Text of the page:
The Normalization of Antisemitism

A tourist photographs a sign painted on a wall in the West Bank of Bethlehem on June 5, 2015. Credit: AFP PHOTO / THOMAS COEX

The New Israel Fund, along with a series of other “progressive” organizations in the United States that make up the Progressive Israel Network – including J Street, Americans for Peace Now, Habonim Dror North America and Hashomer Hatzair World Movement – put together a petition ahead of Joe Biden’s entry to the White House. It calls on the U.S. government not to adopt the working definition of antisemitism formulated by the International Holocaust Remembrance Alliance and already adopted by more than 10 countries (including Muslim-majority countries like Bahrain and Albania, with Morocco also on the way). The signatories say the definition is overly broad and so will allow the fight against antisemitism to be exploited to “suppress legitimate free speech, criticism of Israeli government actions, and advocacy for Palestinian rights.”

What specifically bothers the authors of the petition? They object to the section that cites as an example of antisemitism the assertion that “the existence of a State of Israel is a racist endeavour.” The “existence” of Israel, mind you, is not this or that government policy. In other words, the petition’s authors wish to legitimize the ideas that stood behind the UN Security Council’s despicable 1975 resolution that “Zionism is racism.” So despicable that even the UN, not exactly the most Israel-friendly forum, decided to rescind it in 1991.


So as to remove any doubt, the petition they’ve signed clarifies not just what it aims to legitimize, but whom in particular: “Secretary of State Pompeo’s State Department’s unambiguous declarations that ‘anti-Zionism is anti-Semitism’ and that ‘the Global BDS Campaign [is] a manifestation of anti-Semitism’ represent a harmful overreach.” The radical left often tends to blur the line between those who oppose the occupation and support the two states for two peoples solution, and those who do not recognize the nation-state of the Jewish people’s right to exist and believe that Zionism is a regrettable historic aberration, an illegitimate colonialist enterprise that must be rolled back.

The boycott movement makes things easy for those who wish to blur the difference between the two positions because it explicitly describes itself as fighting against “the occupation.” This terminology could easily cause the innocent bystander to mistakenly think that this is a peace-loving movement that supports two states for two peoples.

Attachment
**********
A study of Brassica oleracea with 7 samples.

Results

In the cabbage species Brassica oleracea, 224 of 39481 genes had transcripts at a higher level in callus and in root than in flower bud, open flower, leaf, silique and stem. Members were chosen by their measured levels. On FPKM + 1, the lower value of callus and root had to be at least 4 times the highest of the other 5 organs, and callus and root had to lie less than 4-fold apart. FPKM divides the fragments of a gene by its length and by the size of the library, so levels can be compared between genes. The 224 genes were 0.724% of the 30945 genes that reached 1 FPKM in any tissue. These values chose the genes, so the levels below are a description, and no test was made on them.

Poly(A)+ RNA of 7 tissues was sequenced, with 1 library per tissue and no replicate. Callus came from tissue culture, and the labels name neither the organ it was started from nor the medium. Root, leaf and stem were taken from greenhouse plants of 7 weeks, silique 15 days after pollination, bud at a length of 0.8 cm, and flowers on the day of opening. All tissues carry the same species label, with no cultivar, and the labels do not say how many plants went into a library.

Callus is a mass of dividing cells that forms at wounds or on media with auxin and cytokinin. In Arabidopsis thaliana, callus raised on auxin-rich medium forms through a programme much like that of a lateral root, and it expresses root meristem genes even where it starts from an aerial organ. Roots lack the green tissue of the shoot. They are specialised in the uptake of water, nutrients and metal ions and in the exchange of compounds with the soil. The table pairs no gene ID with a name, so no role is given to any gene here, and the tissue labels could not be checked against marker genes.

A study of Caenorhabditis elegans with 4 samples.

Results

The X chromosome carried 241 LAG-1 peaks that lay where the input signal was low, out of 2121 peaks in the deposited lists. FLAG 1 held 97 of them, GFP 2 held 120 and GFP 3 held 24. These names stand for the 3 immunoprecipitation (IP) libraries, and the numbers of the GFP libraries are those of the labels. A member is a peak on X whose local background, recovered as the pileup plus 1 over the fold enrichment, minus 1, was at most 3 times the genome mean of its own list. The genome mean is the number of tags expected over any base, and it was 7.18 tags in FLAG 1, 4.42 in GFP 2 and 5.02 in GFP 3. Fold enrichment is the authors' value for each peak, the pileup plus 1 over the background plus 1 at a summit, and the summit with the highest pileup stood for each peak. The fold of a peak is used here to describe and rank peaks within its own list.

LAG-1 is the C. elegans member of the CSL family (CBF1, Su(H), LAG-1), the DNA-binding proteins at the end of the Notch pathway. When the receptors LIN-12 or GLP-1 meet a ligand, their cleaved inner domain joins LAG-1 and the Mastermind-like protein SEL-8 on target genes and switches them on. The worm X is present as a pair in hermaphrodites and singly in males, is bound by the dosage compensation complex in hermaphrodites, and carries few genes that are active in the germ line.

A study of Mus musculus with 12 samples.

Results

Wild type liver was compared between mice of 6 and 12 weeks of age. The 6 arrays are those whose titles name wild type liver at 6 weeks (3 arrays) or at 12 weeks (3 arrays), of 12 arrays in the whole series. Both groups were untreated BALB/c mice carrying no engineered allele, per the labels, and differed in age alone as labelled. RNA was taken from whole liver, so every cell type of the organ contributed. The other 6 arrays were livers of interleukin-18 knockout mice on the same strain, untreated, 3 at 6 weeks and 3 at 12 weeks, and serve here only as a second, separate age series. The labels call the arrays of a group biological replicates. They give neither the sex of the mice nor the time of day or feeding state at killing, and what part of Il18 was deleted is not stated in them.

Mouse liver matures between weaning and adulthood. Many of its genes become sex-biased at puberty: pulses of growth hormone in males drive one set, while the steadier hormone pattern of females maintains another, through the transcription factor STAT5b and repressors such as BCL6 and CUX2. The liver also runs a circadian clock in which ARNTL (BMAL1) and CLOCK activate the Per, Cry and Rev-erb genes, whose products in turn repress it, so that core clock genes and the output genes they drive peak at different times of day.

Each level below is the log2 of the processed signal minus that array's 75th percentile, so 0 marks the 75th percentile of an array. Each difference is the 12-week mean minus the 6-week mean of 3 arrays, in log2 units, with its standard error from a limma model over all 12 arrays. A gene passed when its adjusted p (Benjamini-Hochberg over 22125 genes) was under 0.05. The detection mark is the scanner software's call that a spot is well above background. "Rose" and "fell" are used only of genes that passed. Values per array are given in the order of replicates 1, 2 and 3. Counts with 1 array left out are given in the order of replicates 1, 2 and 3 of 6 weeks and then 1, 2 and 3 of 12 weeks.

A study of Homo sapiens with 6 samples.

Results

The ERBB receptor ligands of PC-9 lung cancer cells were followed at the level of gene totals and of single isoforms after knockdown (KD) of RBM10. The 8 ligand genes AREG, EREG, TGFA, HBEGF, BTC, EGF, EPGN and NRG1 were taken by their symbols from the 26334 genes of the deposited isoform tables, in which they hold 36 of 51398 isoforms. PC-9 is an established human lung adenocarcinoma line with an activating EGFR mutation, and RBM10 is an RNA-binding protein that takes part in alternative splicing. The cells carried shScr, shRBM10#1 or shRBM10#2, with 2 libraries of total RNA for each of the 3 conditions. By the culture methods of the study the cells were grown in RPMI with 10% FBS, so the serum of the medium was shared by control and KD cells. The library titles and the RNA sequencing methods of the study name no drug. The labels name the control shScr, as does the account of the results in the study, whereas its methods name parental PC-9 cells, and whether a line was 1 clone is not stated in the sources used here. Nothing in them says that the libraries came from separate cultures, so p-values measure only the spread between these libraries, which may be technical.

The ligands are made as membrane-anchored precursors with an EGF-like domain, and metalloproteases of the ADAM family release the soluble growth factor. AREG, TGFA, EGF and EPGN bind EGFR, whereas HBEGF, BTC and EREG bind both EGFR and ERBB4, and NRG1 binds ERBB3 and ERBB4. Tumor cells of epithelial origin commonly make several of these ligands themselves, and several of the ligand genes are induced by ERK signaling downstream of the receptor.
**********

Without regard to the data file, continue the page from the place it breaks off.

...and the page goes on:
But the opposite is true. This is a movement that seeks to thwart the possibility of dividing the land, because it opposes any solution that would also include a state that is not Palestinian. In BDS parlance, the word “occupation” does not refer to the military administration in the West Bank, but to the entire Land of Israel and thus, eliminating the occupation really means eliminating the State of Israel. They seek to advance this program by means of settling the Palestinian diaspora inside the Green Line, a policy misleadingly referred to by the Palestinians and their allies under the term “right of return.”

We are not talking here about critics of Israeli policy here, but of bitter enemies opposed to Israel’s very existence. And thus the definition of this movement as antisemitic ought to be self-evident. It was not just some whim of the Trump administration, but a common sense evaluation agreed upon by Germany, France and Canada, among other nations.

Taking this petition into account along with the rest of the New Israel Fund’s activities – its support for organizations that seek to abolish the state’s national character or to undermine the Law of Return – we clearly cannot go on treating it as a purely philanthropic organization, one that depicts itself as dedicated solely to promoting democracy, equality, social solidarity and human rights.

This is a foundation that, with impressive consistency, endeavors to undermine the pillars of the Zionist enterprise. Its explicit support for an attempt to alter the definition of antisemitism, so that Israel’s clear enemies can cleanse themselves of this stain, is overt evidence of the hidden meaning behind so much of its other activity. If there should ever be peace between us and our neighbors some day, if more solidarity blossoms among the different segments of Israeli society, if our democracy is to be rehabilitated – it will be in spite of the New Israel Fund, not because of it.